The official movie poster for “The Fall Guy.” David Leitch’s action-packed film was released in theaters on May 3. PUBLIC DOMAIN

Warning: This review contains spoilers.

The Fall Guy,” directed by “Bullet Train” and “Deadpool 2” filmmaker David Leitch, was released on May 3, starring Ryan Gosling as Colt Seavers, Emily Blunt as Jody Moreno and Aaron Taylor-Johnson as Tom Ryder. This film is action-packed with a balance of thrill and comedy that is flavorful and exciting, keeping the audience on the edge of their seats.

The movie is about Colt, Tom’s stunt double, working on a new set directed and produced by his partner Jody. However, Colt gets into a near-death accident on the job and he disappears off the grid. Colt gets a call that Tom is missing and, if not found in two days, will cost Jody the blockbuster she’s been dreaming of making her whole life.

Ryan Gosling owns the spotlight. His portrayal of Colt is graceful and well-executed, effectively making the movie and its plot all the more exciting. Having only seen a few of Gosling’s movies, I had high expectations for his performance which were fulfilled. Gosling has a talent for conveying tense themes of drama, romance and emotion at the perfect intensity without coming off as overwhelming or overly dramatic. Gosling and his stuntman’s scenes were convincing and practical, reminiscent of Leitch’s “Bullet Train.” I had to remind myself that Gosling isn’t actually a stuntman.  

Gosling is masterful in embodying his character compared to his other works. For example, while he assumes his role effectively in The Gray Man, his embodiment of the character in The Fall Guy is on an entirely different level.

For the avid action movie lover, this film will prove to be a treat for the eye, as each stunt was mind-blowing due to the brilliant directing and camerawork. Standout scenes include when Colt masquerades in a bright neon outfit, swinging bottles and shattering glasses as well as a car and dog chase down a bridge. The camera angles and directing were masterful in terms of dialogue and movement. Colt having a dog for a sidekick is something that I didn’t know how much I needed until that very scene.

Which, speaking of the dog, was stellar in his spotlight. From him only responding to Colt’s French to being the embodiment of a sidekick and saving Colt several times, he’s the unsung hero in the movie.

The script was layered and nuanced. Not only did the film highlight the importance of stunt people and how underrated they are in the movie industry, but it also showed how society merely considers them “fall guys.”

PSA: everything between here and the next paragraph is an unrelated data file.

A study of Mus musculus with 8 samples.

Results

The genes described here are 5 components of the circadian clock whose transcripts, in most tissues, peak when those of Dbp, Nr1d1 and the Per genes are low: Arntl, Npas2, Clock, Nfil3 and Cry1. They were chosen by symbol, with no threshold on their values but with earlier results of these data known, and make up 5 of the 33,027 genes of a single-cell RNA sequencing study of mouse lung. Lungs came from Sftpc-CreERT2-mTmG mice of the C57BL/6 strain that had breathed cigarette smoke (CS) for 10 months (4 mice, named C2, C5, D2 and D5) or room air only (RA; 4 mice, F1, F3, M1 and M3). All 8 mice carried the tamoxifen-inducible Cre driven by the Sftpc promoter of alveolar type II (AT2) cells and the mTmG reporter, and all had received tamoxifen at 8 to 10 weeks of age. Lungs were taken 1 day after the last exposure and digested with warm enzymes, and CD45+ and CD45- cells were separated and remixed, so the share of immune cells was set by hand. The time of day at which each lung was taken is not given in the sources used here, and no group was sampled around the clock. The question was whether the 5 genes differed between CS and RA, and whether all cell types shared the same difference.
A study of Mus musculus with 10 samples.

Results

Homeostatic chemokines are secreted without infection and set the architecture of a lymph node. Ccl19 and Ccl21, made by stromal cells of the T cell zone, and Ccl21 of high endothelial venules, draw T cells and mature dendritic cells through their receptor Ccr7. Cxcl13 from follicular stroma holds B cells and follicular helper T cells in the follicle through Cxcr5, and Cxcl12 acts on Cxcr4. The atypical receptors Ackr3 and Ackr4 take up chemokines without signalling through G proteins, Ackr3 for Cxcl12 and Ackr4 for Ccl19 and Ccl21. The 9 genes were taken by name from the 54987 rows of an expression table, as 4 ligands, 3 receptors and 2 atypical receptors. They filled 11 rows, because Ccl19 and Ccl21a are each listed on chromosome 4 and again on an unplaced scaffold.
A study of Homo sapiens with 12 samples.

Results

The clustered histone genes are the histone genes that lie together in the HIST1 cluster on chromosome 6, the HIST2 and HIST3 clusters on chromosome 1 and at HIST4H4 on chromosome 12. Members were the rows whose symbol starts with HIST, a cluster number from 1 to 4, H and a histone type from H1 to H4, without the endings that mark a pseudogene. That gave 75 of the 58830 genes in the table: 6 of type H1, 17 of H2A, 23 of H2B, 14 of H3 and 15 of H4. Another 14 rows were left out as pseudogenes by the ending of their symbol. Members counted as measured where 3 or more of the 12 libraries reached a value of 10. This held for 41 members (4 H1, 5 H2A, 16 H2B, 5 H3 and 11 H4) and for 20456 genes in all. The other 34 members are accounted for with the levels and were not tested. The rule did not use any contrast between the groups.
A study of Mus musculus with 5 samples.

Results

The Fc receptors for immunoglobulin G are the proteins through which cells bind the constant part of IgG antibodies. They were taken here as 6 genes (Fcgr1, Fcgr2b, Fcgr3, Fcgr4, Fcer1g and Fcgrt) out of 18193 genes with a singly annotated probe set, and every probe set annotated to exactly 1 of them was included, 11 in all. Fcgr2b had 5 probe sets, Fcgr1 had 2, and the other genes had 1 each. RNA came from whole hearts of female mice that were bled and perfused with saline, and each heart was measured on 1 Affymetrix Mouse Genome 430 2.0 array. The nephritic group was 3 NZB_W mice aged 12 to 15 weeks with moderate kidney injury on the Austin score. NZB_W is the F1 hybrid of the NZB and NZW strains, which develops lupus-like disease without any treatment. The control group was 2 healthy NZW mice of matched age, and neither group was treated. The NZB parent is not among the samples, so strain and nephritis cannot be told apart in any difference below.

I enjoyed how far the movie took this metaphor, with Tom attempting to frame Colt for murder because he was his “fall guy.” Jody’s movie production following the same course as her and Colt’s real-life relationship was a nice touch that was complemented well by the director’s choice of camera angles and split screens that matched the dialogue. 

The brilliance of the screenwriting shows through comedic repetition. For example, the dog was a lovable character due to his signature move of helping Colt fight the bad guys by biting their groins. This scene was funny the first time, and the repetition of it throughout the film made it funnier every time. The same could be said when Colt is drugged while trying to find Tom and cannot get rid of a unicorn following him amid the chaos.

The use of a theme song added a unique and much-needed element to the film. In a lot of movies, different tracks are utilized in the opening, ending and throughout various major plot points; “The Fall Guy” mainly used a cover by YUNGBLUD of KISS’s “I Was Made for Lovin’ You.” 

Not only was the song choice perfect for the story and Colt’s character, but it pulled the movie together, acting as the icing on the cake. The opening credit scene featuring the song sets the story and drives it forward. Considering Colt and Jody’s lives are filled with action and romance, both on-screen as stunt performers and in their personal lives behind the scenes, having the song play in all of the major action scenes was enjoyable. With each use it got more intense, aligning with what was happening in the movie. 

With each act, the movie became more enjoyable. In the third act, Jody and Colt execute their plan to reveal the truth that Tom is the murderer and not Colt, who makes a grand entrance and pulls off a seemingly impossible movie stunt. The stunt in question is a death-defying car jump. It was truly a thrilling moment to watch Colt get his confession and reclaim his identity as not only a stuntman but as the ultimate “fall guy.” Thus, the movie’s title came full circle, from Colt’s accidental fall to the attempt to have him take the fall for Tom. It was truly an exhilarating and celebratory moment. 

The movie’s plot twists live up to the definition of narrative technique. From the beginning, viewers may begin suspecting that Tom is the murderer, which later proves correct. However, what lurks out of the shadows is that Tom was responsible for Colt’s nearly fatal fall at the beginning of the movie and that the movie producer, Hannah Waddingham’s Gail Meyer, was the mastermind behind everything. It turns out that the movie producer orchestrated bringing Colt back to set and sending him after Tom just so he could take the fall for him. It was so unpredictable, but well-fitting and made so much sense looking back.

Overall, there are not enough words to describe the thrills and excitement that came from watching “The Fall Guy,” which is definitely one of my favorite movies and will hopefully become one of yours.